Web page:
Some critics impatient over slow stem-cell research payoff

California's historic Proposition 71 provided big money for stem-cell research after voters approved it eight years ago. The measure helped fund major advances, but some charge that the success has been hampered by cronyism and conflict of interest.

Roman Reed has been a paraplegic for more than eighteen years. Ever since a college football injury injured his spine. Reed says he's confident he will walk again.

"Stem cells are going to get me out of this chair. I will walk again one day because of stem cell research," said Reed.

He campaigned hard for Prop 71 eight years ago. Voters believed stem cells might help find cures for paralysis, heart disease, diabetes and more.

The proposition won and the California Institute for Regenerative Medicine or CIRM received $3 billion from taxpayers. The bond money was intended to find stem cell cures.

Some are starting to question whether they have found any.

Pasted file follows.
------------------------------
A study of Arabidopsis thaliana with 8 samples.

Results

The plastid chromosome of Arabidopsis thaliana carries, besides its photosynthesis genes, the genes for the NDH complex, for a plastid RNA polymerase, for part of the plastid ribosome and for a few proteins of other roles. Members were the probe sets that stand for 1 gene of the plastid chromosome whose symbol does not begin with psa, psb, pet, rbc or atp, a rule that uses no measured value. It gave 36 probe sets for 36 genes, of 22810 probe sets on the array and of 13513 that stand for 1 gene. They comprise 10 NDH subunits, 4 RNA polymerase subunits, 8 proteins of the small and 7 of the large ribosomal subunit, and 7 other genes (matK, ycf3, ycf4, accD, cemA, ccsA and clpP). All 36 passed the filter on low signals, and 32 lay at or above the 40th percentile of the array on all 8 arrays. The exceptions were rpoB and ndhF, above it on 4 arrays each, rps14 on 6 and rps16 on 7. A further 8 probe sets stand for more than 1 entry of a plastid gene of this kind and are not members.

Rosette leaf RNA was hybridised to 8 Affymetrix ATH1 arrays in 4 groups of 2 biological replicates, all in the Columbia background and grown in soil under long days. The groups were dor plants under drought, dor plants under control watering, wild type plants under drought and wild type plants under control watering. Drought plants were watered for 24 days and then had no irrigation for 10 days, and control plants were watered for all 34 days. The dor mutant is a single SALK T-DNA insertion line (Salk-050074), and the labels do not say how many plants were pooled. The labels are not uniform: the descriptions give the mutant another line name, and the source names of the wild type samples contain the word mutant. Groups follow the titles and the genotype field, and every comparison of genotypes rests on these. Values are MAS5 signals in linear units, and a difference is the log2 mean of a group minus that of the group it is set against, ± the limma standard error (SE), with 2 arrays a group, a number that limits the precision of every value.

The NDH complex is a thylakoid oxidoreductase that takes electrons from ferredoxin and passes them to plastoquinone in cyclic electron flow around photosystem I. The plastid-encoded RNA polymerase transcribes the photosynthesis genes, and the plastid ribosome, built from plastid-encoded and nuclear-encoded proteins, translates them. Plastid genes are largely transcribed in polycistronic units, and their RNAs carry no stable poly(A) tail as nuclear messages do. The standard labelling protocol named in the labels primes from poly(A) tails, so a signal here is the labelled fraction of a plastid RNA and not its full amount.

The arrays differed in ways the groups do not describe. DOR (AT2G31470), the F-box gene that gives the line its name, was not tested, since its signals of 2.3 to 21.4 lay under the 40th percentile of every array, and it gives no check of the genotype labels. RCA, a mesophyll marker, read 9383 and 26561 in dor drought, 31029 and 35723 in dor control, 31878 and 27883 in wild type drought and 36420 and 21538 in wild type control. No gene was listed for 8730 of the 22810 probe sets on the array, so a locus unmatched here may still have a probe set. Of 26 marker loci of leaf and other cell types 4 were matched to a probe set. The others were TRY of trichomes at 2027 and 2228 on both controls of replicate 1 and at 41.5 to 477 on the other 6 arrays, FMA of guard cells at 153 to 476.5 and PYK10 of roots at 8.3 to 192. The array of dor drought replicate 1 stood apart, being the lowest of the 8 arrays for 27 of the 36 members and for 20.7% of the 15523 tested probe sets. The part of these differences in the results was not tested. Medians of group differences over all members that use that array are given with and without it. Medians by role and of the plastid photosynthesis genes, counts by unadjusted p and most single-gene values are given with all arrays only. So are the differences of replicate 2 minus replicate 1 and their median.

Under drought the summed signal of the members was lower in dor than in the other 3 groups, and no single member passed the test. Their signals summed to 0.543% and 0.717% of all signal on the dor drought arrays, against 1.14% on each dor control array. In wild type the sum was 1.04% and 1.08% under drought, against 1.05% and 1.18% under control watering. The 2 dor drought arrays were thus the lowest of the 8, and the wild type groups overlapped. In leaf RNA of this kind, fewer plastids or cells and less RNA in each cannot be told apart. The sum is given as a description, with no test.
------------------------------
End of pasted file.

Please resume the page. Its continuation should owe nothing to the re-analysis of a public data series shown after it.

"We do not have any cures, nor did we expect to have any cures within the time frame that we've funded so far," said CIRM's Chairman Jonathon Thomas.

They have spent $1.7 billion dollars to date. The money has been used to build a dozen new laboratories. It has also funded 1200 papers on 38 incurable diseases and lured 150 top scientists to California.

CIRM is backing seven clinical trials, but the FDA has not approved even one stem-cell therapy procedure. Six months ago, U.S. doctors got the green light to use a Canadian treatment for dying children.

Director of Stem Cell Program at UC Davis Institute for Regenerative Cures Jan Nolta believes it is a great advancement in medicine.